So sorry for the delay in posting this video! College applications got away from us...
Nikko Johnston started out by acting in Red Eagle Soaring, a performance organization for indigenous youth. He has since gone on to perform in high school theater, 14:48 HS, and the Young American Theater Company. Nikko also participates in high school jazz choir. Now, as a senior, he's dedicated to using his power as an upperclassman to create space for teens of color in the arts. Watch his video below to learn more about his journey!
By Anya Shukla
Leilani Lewis, a Seattle native, was first exposed to visual arts when her mom was offered a job at the Detroit Institute of Art. “I would go run around the museum, terrorizing the security guards,” she reminisces. Growing up in the ‘90s, Lewis noticed art--particularly hip-hop inspired murals and street art--all around her. But as she grew older, she began listening to lectures by visiting artists, shifting from a passive consumption of art to active participation. Simultaneously, her newfound artistic knowledge began to shape her worldview: “I learned about history; I learned about Black history in art. I learned my most critical, foundational identity and historical identity through the arts.” Lewis’s mother is white, and she didn’t have much connection to the Black side of her family, so the arts shaped her understanding of her heritage.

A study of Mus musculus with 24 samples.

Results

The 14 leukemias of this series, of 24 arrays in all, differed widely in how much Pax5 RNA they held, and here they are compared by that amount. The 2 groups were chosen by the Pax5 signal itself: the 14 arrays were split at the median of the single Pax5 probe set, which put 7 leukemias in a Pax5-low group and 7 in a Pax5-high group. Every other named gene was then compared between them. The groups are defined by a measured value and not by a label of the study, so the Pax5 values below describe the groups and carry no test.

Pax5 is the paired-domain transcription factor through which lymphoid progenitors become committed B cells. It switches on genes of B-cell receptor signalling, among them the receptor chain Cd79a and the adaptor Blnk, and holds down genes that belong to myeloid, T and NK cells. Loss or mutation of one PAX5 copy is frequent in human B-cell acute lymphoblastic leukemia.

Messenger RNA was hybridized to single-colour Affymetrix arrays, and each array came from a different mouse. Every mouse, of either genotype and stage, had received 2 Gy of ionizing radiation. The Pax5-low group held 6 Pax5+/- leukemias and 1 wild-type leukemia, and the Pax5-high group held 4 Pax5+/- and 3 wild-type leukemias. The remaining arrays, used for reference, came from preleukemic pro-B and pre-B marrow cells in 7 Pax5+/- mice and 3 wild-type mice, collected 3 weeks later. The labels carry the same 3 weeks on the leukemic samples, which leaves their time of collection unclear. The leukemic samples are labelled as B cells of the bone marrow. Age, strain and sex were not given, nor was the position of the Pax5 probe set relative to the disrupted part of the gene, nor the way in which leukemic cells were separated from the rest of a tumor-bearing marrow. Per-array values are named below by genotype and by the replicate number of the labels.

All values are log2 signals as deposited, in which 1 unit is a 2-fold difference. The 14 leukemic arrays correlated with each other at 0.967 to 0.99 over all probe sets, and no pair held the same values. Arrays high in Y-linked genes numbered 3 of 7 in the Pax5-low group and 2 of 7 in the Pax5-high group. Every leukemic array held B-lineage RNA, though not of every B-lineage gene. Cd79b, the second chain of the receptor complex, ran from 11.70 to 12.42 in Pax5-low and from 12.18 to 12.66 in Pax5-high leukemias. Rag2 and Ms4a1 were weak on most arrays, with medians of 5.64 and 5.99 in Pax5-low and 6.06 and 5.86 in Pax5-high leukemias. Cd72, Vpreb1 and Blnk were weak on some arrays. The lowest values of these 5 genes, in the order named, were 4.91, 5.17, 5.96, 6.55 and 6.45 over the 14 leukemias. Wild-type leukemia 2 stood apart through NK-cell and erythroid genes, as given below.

Even though she was immersed in it from a young age, Lewis didn’t think of a potential career in the arts until her mid-twenties, when she discovered a passion for art history in college. After she graduated, she started working for Seattle’s Northwest African American Museum (NAAM) in Marketing and Communications. There, she discovered the power of giving space for visual artists. “I think the most beautiful art is truthful,” she said, “Therefore, I feel like art has a wonderful way of healing people.”
By Anya Shukla
“It’s a party in the USA,” Miley Cyrus giggles over the audio system as I enter the Seattle Public Theater. As the audience chats, the music shifts to Lee Greenwood, who sings gruffly, “I’m proud to be an American, where at least I know I’m free.” Seeing as we’re about to see a play about four white people struggling to create a historically accurate play about Thanksgiving, the choice of music is darkly ironic. Who gets to be an American? we’re asked even before the play starts. Are all Americans really free?
As the lights go down, we are greeted with a video of a Thanksgiving performance by elementary schoolers. As they cheerfully chant about what “the Natives gave to me” while wearing stereotypical Native American costumes, the audience cringes. This song, and those like it, are juxtaposed with that of Cyrus and Greenwood’s view of America. Even though we may believe that we are in, as one "The Thanksgiving Play" character states, “a post-post-racial society,” misrepresentation and prejudicial thinking still occur.